TTAB Vacates ROLEX No-Dilution Decision After AFP Withdraws Application During Appeal
The TTAB has vacated its precedential decision in Rolex Watch U.S.A., Inc. v. AFP Imaging Corporation, 101 USPQ2d 1188 (TTAB 2011) [TTABlogged here]. In its December 2011 decision, the Board had dismissed Rolex's dilution-by-blurring claim, concluding that Opposer had failed to prove that the applied-for mark ROLL-X for "x-ray tables for medical and dental use" would, despite an "actual association" between the marks, impair the distinctiveness of Opposer's famous ROLEX mark. And in a further ruling, the Board dismissed Rolex's claim that Applicant AFP did not have a bona fide intent to use the ROLL-X mark when it filed its application to register. Rolex appealed to the CAFC and, while the appeal was pending, applicant AFP unilaterally withdrew its application to register. The CAFC then dismissed the appeal as moot and remanded the case to "allow the Board to consider a motion to vacate its decision in the first instance, in accordance with United States Bancorp Mortgage Company v. Bonner Mall Partnership, 513 U.S. 18, 29 (1994), and for any further proceedings deemed appropriate by the Board." The Board concluded that U.S. Bancorp mandated that the Board's decision be vacated. Rolex Watch U.S.A., Inc. v. AFP Imaging Corporation, 107 USPQ2d 1626 (TTAB 2013) [re-designated as precedential, July 17, 2013].
In U.S. Bancorp, the Supreme Court held that vacature is appropriate if a decision becomes moot as a result of the unilateral actions of the prevailing party (but not when due to a voluntary act by the losing party). Here, AFP, the prevailing party before the Board, took the unilateral action of abandoning its application without Rolex's consent while Rolex's appeal was pending before the CAFC. There was no evidence that the appeal was rendered moot by any voluntary action on Rolex's part. In fact, Rolex objected to AFP's abandonment of the ROLL-X application because it deprived Rolex of its right to obtain review of the Board's adverse decision.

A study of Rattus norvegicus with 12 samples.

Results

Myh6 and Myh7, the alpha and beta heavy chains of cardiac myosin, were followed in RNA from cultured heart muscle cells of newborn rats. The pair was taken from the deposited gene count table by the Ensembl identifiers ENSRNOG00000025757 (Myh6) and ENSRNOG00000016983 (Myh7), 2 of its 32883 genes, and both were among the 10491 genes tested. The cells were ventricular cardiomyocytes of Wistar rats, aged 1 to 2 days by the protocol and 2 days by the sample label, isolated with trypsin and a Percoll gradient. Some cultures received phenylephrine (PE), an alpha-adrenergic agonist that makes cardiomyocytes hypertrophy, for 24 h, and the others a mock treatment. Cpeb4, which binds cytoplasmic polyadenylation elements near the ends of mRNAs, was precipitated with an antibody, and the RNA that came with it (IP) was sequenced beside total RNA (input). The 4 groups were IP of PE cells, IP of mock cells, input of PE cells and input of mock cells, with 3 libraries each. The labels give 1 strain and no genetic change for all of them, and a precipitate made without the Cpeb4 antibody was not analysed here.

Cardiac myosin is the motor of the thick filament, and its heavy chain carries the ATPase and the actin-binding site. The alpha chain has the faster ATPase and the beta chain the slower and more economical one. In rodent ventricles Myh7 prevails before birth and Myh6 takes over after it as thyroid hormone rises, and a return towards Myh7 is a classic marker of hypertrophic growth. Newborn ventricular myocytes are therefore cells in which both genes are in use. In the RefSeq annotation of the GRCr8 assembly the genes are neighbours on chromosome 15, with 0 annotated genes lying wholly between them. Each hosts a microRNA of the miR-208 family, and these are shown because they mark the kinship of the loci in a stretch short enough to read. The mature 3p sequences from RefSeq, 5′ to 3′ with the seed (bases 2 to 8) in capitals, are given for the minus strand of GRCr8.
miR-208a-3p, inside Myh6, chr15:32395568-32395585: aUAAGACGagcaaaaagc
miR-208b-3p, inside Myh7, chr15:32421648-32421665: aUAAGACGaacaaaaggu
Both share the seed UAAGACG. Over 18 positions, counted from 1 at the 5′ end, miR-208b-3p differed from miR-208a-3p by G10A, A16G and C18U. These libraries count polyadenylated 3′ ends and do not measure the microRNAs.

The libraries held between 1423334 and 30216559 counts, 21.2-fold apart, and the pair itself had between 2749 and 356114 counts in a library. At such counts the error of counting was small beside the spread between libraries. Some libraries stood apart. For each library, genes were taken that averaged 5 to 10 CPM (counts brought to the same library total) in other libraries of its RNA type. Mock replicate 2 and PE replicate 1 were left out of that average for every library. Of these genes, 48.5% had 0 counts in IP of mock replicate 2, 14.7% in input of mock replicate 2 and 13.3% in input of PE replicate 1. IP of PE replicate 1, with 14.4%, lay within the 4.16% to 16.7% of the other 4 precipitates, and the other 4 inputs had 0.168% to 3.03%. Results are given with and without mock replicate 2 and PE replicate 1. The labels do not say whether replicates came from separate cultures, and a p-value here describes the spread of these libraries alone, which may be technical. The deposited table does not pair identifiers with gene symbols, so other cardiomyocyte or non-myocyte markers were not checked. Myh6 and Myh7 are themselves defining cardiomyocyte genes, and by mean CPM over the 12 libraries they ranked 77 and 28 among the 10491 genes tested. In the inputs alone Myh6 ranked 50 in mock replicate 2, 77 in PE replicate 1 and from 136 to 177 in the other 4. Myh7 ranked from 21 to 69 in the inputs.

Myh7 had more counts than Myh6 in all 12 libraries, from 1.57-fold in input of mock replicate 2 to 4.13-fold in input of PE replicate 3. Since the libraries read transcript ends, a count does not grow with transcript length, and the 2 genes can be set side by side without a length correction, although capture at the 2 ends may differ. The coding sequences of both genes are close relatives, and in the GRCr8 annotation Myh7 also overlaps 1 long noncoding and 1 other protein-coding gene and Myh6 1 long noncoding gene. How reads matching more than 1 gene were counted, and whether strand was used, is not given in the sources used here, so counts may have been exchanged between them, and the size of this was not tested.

AFP argued (without evidentiary support) that it was “forced” to withdraw its application due to the cost of litigation, but the Board found that to be irrelevant. AFP withdrew its application without Rolex's permission, thereby mooting the appeal. Under those circumstances, U.S. Bancorp mandated that the Board's decision be vacated.
Indeed, to decide otherwise would be manifestly unfair because applicant’s unilateral abandonment of the subject application has frustrated opposer’s statutory right to seek review of a decision it believes to be incorrect. In view thereof, the Board’s decision is vacated.
The Board then entered judgment against AFP under Rule 2.135.